U.S. authorities are investigating what appeared to be one of the largest human smuggling attempts off U.S. shores in years, after a boat packed with 356 Haitian migrants ran aground in the Florida Keys on Sunday.
Among the passengers, 158 jumped from the boat and attempted to swim toward the shore in Key Largo despite rough seas. They were rescued from the water and detained by the U.S. Border Patrol, according to U.S. Customs and Border Protection (CBP). The other 198 remained on the boat and were taken into custody by the U.S. Coast Guard.
Several migrants were hospitalized for minor injuries but released promptly, a CBP spokesperson said.
No fatalities were reported, unlike an incident in January, when a migrant boat capsized near the Bahamas in rough seas, leaving only one known survivor, one person dead and 38 people missing.
Just days after that, the U.S. Coast Guard intercepted 191 Haitian migrants aboard an overloaded sailing vessel that was believed to be headed for Florida.
Boat crossings of Haitian migrants have grown more frequent as the Caribbean island nation faces worsening economic and political crises, as well as gang-related kidnappings.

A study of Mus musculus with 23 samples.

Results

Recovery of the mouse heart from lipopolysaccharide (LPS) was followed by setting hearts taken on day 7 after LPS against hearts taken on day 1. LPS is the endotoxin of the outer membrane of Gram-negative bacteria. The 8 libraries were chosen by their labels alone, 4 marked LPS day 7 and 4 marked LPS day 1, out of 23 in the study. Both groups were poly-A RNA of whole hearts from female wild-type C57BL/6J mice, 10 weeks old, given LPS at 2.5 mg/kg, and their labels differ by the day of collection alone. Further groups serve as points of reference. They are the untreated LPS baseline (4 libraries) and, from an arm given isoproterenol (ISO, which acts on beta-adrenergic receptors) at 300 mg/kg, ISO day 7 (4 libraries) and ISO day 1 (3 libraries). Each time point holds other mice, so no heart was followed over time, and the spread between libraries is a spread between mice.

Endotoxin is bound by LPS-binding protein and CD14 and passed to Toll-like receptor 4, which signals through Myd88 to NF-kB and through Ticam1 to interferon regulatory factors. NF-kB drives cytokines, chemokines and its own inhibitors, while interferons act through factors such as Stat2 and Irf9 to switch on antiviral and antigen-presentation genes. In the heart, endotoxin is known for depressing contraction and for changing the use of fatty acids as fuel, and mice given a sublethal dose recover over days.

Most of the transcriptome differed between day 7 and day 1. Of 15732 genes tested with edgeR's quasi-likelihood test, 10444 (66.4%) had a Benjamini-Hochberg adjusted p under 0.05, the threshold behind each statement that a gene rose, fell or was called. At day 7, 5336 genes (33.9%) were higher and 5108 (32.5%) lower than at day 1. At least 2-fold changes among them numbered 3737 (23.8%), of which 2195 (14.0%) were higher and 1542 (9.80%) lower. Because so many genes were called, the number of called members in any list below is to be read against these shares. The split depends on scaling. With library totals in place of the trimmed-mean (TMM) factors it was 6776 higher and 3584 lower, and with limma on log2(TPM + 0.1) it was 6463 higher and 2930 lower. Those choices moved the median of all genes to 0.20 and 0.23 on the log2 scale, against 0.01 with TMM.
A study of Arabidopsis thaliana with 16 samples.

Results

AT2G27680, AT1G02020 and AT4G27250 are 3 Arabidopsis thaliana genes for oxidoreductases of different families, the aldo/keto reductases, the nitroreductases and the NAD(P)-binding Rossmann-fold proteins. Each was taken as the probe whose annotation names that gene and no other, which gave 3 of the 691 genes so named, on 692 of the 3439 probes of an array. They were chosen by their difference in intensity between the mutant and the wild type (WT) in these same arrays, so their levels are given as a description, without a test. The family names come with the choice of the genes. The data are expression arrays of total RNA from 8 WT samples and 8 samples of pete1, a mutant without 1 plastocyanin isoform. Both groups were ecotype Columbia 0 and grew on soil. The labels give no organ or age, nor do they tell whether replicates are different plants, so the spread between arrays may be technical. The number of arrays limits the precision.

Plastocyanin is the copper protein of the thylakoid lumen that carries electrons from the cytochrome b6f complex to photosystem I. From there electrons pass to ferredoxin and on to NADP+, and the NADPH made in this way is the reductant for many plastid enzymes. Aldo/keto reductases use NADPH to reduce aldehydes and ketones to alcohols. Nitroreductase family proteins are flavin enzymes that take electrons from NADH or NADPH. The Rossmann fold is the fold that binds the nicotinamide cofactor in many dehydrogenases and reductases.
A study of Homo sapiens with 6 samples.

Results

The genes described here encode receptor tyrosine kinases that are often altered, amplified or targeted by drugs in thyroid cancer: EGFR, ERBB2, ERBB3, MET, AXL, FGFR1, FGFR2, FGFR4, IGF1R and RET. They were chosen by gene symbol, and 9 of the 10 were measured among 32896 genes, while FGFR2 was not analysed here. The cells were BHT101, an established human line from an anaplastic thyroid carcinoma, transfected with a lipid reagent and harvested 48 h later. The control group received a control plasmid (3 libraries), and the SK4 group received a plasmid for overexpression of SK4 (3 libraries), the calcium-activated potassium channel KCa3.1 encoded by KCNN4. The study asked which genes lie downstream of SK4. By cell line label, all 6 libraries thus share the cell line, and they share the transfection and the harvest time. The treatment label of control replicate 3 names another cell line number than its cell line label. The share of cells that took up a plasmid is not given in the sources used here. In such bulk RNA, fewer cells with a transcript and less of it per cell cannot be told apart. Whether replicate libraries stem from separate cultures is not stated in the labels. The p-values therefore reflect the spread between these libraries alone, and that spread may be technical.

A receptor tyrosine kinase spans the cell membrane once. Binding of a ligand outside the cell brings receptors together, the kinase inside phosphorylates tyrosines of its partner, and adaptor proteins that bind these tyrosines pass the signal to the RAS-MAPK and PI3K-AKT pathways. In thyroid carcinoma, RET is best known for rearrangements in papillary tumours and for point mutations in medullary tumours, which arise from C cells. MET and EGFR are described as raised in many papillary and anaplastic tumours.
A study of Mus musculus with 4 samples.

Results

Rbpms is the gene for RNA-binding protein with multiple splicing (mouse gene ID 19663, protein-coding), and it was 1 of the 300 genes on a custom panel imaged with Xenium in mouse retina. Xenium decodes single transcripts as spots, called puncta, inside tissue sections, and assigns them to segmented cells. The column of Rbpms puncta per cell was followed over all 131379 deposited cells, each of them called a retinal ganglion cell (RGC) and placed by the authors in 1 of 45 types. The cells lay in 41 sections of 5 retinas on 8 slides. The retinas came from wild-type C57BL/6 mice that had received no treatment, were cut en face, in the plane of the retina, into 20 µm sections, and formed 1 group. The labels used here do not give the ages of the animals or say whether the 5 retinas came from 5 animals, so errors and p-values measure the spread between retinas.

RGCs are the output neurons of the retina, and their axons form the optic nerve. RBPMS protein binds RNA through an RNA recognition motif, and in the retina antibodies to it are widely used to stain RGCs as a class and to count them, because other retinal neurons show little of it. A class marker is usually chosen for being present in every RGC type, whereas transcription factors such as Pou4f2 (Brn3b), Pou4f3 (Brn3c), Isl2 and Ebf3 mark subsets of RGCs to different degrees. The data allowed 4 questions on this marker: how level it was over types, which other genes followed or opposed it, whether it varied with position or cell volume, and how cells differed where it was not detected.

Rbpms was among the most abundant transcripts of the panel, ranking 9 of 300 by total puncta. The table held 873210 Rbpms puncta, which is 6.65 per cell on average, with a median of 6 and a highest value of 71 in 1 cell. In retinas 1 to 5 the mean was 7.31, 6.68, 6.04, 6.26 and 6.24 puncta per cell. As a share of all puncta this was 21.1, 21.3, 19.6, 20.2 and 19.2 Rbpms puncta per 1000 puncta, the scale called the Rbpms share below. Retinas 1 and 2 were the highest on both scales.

The Coast Guard said it has rescued 1,152 Haitians since October, in addition to 3,900 picked up at sea over the five previous years.
Photos tweeted Sunday by Chief Patrol Agent Walter Slosar of Border Patrol's Miami Sector show a boat tilting dangerously to one side in the water with passengers dangling off the edge and a group of migrants ashore wrapped in towels.
The migrants in Border Patrol custody will be placed in deportation proceedings, while those in Coast Guard custody will be repatriated to Haiti, CBP said.
In August 2021, the administration of President Joe Biden granted deportation relief and access to work permits to an estimated 155,000 Haitians already in the United States.
But the administration has rapidly expelled asylum-seeking Haitians under rules meant to curb the spread of COVID-19. Thousands were expelled after crossing the U.S.-Mexico border in September and setting up camp under a bridge in Del Rio, Texas.